TIMBOROA, Kenya — Enthusiastic voters, many wrapped in colorful traditional blankets, waited for hours Wednesday to cast ballots on a new constitution that could spell a new era for Kenya — curtailing the president’s enormous powers and giving citizens a bill of rights.
With memories fresh of the ethnically charged violence that left more than 1,000 people dead following the disputed 2007 election, police were deployed en masse across the country.
Voters overwhelmed polling stations in some locations, and one Nairobi site saw dozens of Kenyans who had not yet voted force their way in after authorities tried to shut it down at the official 5 p.m. closing time.
Despite that after-hours push, officials reported few problems and no violence countrywide.
Enthusiasm for the new constitution appeared high. In the Nairobi slum of Kibera, lines formed as early as 3 a.m., while voters at some Rift Valley sites waited five hours or more.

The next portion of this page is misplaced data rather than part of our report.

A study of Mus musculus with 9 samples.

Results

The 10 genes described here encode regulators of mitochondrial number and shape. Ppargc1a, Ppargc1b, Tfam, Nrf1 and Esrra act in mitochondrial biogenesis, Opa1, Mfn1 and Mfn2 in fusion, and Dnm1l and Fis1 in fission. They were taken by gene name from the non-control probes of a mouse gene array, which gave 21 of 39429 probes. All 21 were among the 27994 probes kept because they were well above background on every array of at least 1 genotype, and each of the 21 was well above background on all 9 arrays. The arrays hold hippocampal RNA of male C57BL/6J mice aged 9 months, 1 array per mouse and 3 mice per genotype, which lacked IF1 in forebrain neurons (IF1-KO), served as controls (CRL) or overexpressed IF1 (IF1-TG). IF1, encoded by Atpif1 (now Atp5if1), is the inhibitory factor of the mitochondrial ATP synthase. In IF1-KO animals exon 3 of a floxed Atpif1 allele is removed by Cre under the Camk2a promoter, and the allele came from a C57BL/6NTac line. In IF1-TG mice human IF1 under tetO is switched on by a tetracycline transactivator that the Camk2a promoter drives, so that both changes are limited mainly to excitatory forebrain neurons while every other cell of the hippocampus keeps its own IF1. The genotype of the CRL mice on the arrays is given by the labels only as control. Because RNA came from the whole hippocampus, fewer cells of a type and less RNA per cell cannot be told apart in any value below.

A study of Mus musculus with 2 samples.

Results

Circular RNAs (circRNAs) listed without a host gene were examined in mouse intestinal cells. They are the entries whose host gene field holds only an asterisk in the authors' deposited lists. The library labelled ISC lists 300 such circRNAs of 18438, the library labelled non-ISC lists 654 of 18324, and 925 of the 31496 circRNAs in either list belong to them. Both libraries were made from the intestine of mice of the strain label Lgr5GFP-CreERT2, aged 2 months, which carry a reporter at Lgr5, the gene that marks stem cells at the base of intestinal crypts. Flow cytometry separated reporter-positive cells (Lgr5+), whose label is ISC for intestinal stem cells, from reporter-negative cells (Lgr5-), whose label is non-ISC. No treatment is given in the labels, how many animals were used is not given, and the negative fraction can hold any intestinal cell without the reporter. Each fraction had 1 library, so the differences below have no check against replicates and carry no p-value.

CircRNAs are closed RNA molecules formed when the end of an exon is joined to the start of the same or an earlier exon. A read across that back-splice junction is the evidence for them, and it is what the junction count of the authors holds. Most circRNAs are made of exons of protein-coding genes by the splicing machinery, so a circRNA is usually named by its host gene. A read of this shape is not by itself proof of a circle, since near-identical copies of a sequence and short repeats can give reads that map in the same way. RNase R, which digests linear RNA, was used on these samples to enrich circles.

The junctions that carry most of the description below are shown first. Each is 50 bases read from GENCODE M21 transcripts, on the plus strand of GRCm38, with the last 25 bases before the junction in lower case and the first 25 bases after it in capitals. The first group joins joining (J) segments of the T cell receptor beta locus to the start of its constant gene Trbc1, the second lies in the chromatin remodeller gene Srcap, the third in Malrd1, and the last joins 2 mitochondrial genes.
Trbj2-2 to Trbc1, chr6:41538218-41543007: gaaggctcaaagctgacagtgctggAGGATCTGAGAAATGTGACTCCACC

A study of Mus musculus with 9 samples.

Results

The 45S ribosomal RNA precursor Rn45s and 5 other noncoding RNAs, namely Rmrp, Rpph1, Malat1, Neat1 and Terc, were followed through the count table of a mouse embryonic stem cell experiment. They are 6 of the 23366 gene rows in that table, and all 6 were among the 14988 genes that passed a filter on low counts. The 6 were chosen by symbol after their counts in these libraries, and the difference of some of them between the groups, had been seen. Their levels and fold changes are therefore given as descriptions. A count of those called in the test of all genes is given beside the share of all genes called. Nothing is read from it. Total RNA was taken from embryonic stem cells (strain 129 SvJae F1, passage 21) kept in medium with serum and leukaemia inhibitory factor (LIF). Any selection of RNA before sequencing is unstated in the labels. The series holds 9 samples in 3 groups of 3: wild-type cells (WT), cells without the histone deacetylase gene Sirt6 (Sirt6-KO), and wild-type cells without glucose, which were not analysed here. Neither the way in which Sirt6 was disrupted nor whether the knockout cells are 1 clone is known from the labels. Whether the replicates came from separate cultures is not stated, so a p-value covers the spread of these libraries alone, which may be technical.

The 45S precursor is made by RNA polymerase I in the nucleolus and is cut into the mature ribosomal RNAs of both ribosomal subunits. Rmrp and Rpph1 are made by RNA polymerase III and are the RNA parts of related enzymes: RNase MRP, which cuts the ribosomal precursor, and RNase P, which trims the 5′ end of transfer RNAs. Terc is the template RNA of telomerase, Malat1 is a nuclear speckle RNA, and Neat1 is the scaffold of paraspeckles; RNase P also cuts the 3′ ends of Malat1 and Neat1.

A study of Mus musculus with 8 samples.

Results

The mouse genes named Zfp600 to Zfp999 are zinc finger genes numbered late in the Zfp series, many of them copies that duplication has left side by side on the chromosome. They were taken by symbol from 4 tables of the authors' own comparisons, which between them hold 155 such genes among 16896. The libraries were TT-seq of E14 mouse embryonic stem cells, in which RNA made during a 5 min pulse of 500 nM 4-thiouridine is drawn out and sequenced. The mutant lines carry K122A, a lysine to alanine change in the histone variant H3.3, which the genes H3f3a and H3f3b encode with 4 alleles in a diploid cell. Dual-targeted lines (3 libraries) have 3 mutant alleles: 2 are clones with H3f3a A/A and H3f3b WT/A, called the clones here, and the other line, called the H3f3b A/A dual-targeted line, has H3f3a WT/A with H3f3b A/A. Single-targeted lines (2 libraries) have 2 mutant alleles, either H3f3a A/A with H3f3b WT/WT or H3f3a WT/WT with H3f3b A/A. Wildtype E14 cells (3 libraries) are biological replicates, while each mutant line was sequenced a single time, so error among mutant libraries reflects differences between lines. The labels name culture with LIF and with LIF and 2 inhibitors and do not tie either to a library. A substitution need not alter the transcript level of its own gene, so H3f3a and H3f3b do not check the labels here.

“Since we got independence from Britain our country has not run smoothly. The current constitution has not been used well, but we didn’t write that one, and we are writing this one,” declared Paul Wahome, a 23-year-old student who waited six hours to vote in the Rift Valley town of Nakuru.
Returns from about 30 per cent of the polling stations showed the “yes” camp taking an early lead: About 64 per cent of the votes cast, compared to 36 per cent for the “no” camp, according to Kenya’s election commissioner Ahmed Issack Hassan.
Pre-vote polls had showed the referendum would likely pass.
“It’s a struggle between the haves and the have-nots in this country, and the haves are trying to maintain the status quo,” said James Otumba, a 43-year-old teacher who was shot in the chest during the 2007-08 violence.
“This is a revolution taking place in this country . . . This constitution is one thing that can actually reconcile the nation,” he said.